CHICAGO — Stargazers are in for a celestial treat Tuesday morning when a total lunar eclipse will be visible across North America.

The initial phase of the eclipse will begin around 3 a.m. central time, and WGN News Now spoke to Michelle Nichols, Director of Public Observing at the Adler Planetarium, about what you need to know to view it.

“We have a lunar eclipse that’s happening early morning, Tuesday morning November 8, it will be visible from the Chicago area, weather permitting,” said Nichols. “What’s going to happen is the moon is passing through the shadow cast by earth into space. And so it will slowly slide into that shadow and if we’re lucky we will see what’s called totality. And that’s when the moon is fully within the shadow and that’s when you might see it as red or grey color. So, we’ll see what we get when we spot it.”

The occurrence causes the moon to appear reddish which is why it’s nicknamed a “Blood Moon.”
Nichols said the eclipse can be seen with the naked eye and you don’t need any special equipment to view it.

“At 3:09 a.m. central standard time the moon will start to slide into the earth’s shadow.As the moon fully gets within the moon’s shadow at 4:16 a.m., that’s when we might see that red or grey color, the direction you want to look is initially to the southwest, then as it gets lower in the sky, you’re looking more toward the west and then even lower you’re looking a little bit to the northwest,” Nichols said. “So generally, the west-ish is the direction you want to look.”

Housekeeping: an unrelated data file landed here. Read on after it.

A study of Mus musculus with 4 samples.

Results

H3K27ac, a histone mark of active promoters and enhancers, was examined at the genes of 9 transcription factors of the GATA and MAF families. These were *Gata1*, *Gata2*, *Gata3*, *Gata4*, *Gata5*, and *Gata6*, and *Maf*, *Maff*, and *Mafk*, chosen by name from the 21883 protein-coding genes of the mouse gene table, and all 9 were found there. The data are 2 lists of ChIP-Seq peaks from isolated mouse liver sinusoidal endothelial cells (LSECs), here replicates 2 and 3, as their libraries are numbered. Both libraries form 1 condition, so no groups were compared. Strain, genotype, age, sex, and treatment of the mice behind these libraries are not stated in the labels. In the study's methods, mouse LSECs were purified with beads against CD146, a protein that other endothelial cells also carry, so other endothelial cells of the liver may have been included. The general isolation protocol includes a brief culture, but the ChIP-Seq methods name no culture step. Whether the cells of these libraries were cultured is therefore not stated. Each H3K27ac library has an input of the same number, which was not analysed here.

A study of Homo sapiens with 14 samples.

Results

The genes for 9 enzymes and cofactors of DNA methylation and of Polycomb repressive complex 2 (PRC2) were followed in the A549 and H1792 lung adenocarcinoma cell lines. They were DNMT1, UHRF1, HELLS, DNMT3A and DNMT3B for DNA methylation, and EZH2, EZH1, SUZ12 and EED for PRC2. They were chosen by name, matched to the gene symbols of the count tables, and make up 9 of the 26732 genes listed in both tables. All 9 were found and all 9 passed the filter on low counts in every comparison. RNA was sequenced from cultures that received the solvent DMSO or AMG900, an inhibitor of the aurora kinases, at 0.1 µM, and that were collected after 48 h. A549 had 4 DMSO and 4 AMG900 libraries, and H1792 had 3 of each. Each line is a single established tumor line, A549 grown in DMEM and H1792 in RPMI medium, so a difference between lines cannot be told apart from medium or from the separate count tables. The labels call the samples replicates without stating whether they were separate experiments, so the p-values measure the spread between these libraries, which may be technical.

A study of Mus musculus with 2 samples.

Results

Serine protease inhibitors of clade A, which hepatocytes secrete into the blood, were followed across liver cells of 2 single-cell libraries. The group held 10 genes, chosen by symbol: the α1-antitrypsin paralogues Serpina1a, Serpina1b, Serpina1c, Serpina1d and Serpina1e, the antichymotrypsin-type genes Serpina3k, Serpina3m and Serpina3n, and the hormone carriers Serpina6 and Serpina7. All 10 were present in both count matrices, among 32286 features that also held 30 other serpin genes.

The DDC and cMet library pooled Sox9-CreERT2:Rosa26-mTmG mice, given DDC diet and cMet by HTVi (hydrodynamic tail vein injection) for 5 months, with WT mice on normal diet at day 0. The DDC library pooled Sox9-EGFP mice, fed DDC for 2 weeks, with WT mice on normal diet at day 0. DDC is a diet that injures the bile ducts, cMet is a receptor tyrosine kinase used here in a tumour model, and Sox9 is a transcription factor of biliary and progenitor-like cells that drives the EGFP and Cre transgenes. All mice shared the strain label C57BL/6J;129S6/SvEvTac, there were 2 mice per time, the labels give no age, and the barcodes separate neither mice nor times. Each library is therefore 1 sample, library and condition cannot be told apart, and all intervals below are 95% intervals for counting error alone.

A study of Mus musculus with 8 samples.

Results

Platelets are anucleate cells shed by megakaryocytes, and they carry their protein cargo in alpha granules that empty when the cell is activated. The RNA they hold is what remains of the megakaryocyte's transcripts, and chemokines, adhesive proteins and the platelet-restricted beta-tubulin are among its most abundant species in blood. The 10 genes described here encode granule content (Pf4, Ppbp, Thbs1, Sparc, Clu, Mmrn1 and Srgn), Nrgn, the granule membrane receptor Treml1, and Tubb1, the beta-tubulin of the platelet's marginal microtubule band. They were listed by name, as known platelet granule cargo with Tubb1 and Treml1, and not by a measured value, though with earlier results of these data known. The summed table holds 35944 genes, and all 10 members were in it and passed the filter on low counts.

Totality will end at 5:41 a.m. central time and as it does, Nichols said the moon will get lower and lower in the sky and start to exit the earth’s shadow around 6:40 a.m.

If you miss this total lunar eclipse, you’ll have to wait three years for the next one.

“The next time we get to see it is very early morning on March 14, 2025. So, if you miss this one, we’ve got to wait until March of 2025 to see the next one,” Nichols said.

Nichols said there will be other total lunar eclipses over the next three years, but not for us because our part of the planet may not be facing the moon when they happen.

Now if you can’t or don’t want to go outside Tuesday morning, you can go to the Adler Planetarium’s YouTube channel and join them live starting at 3 a.m.

You can also send them questions and participate with them in the chat.

In the video above Nichols shares more details about the eclipse and viewing it on YouTube.